What are some of the stories and themes going into Reversible?
I sent the cast out last November (2015) to start looking into their genealogy. They had to go at least to their grandparents, but some of them went as far as their great-grandparents and their great-great-grandparents. I wanted them to create characters based on where they came from, a past that they were not even aware of. The idea was that in studying that past, they might see a deeper, stronger path to how they became the people that they are. And the idea was that we would then construct characters to tell the story of Reversible based on events that occurred in these artists’ DNA pool over the last 150 years. This has proven to be the deepest and most exciting part of creating Reversible. Every day they’d come back with new stories about their grandparents or their great-grandparents, things they had no idea about. One girl found out she was Jewish, she had no idea. One girl who is Swiss found out that her Japanese grandmother had abandoned an arranged marriage in Japan and ran away with a Swiss man. She became the first woman to immigrate to this tiny Swiss village. The stories are just incredible. What we’re feeling in this current generation is that we are uprooted. We are not as connected to family and past as we were even 50 years ago.
Who are the artists on stage?
In casting the show, it was really important that we had the usual 7 Fingers versatile cast. A cast that is not only made of incredible acrobats and jugglers, but also a cast of characters that were really going to mould themselves to the experience that I was trying to create. I knew I wanted people who were going to help me write the story from their personal experience.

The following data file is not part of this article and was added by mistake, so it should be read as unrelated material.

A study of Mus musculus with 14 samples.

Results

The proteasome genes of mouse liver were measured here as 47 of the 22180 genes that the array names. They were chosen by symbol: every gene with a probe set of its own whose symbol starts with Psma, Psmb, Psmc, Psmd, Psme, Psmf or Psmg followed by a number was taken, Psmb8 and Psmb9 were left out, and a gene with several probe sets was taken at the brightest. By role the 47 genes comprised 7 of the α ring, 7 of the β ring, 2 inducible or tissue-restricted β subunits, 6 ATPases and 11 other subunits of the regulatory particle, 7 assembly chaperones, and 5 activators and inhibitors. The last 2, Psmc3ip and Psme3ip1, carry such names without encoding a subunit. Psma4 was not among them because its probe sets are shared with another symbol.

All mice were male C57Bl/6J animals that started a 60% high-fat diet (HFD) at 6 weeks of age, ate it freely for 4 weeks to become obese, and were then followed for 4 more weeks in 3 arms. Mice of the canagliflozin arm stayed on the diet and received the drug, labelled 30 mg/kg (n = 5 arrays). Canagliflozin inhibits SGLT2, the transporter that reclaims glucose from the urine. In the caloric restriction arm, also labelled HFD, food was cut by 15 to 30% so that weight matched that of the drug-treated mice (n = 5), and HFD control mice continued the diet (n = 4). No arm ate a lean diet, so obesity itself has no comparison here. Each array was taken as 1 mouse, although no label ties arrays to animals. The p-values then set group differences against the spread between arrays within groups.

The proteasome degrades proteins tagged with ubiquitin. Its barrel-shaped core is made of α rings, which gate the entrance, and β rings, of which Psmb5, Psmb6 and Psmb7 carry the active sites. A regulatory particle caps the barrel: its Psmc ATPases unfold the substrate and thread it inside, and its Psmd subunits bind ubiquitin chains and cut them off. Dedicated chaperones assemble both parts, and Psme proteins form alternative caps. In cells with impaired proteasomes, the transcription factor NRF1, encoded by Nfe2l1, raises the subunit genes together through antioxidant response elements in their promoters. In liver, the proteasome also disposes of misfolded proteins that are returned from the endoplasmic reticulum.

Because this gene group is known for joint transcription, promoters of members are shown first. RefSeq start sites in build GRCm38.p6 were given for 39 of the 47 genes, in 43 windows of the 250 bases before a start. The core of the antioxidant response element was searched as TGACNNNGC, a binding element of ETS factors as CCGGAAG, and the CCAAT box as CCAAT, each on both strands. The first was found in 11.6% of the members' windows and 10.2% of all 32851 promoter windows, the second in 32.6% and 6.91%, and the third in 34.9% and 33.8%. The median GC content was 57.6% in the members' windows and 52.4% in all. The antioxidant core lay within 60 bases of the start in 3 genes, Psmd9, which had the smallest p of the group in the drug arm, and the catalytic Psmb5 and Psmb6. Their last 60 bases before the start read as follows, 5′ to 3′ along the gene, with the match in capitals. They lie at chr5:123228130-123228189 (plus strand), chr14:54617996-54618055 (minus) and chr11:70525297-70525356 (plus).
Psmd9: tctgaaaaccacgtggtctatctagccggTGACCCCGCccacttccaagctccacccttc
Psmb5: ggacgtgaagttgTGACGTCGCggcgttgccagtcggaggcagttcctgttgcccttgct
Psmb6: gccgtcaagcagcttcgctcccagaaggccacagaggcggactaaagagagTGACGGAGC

The initial spark of Reversible was the idea of working with walls. Walls that would create confined theatrical spaces and situations, walls that could move and transform and give us interesting geometric forms. Walls are also hugely theatrical. Walls are something that we’re all familiar with: walls that confine us, walls that separate us, walls that enclose us, walls that keep us from doing the things that we want to do in our lives. We created Reversible with walls that represent the exterior and walls that represent the interior.
The idea of having these two-sided walls helped me to define the story telling, which very clearly became about who we are on the inside and who we are on the outside. Our reversible selves.
What has the creative process of Reversible been like?
The process for Reversible is based on the creative process The 7 Fingers have been developing over the last 15 years. We begin with a spark, an idea, a desire to express and explore a concept that fascinates us, something that we feel will fulfill our search for a better humanity, for a better understanding of who we are. We take a storyline, a vehicle to explore the capacity of storytelling through circus, and then we cast a show of characters based on that desire and through improvisation. We create a playground in which we ask the artists to improvise on themes, structures, situations, so that they are able to bring in their own quality—their own flavour —and together we create the show.
The artists enter the process almost a year before the premiere. Their contribution is fundamental; creating this way is heavily based on improvisation, on a very personal way of working.
I propose concepts, music, stage designs, situations, a theatrical framework onto which the artists must improvise to fill this canvas.
Of course, there are choreographed segments and images that are already very clear to me before, but I always expect the artists to go further. It’s a very organic, very creative, and always surprising process, one that allows us to create one entity that is separate from us, an entity that takes us further than something that any of us might have imagined alone.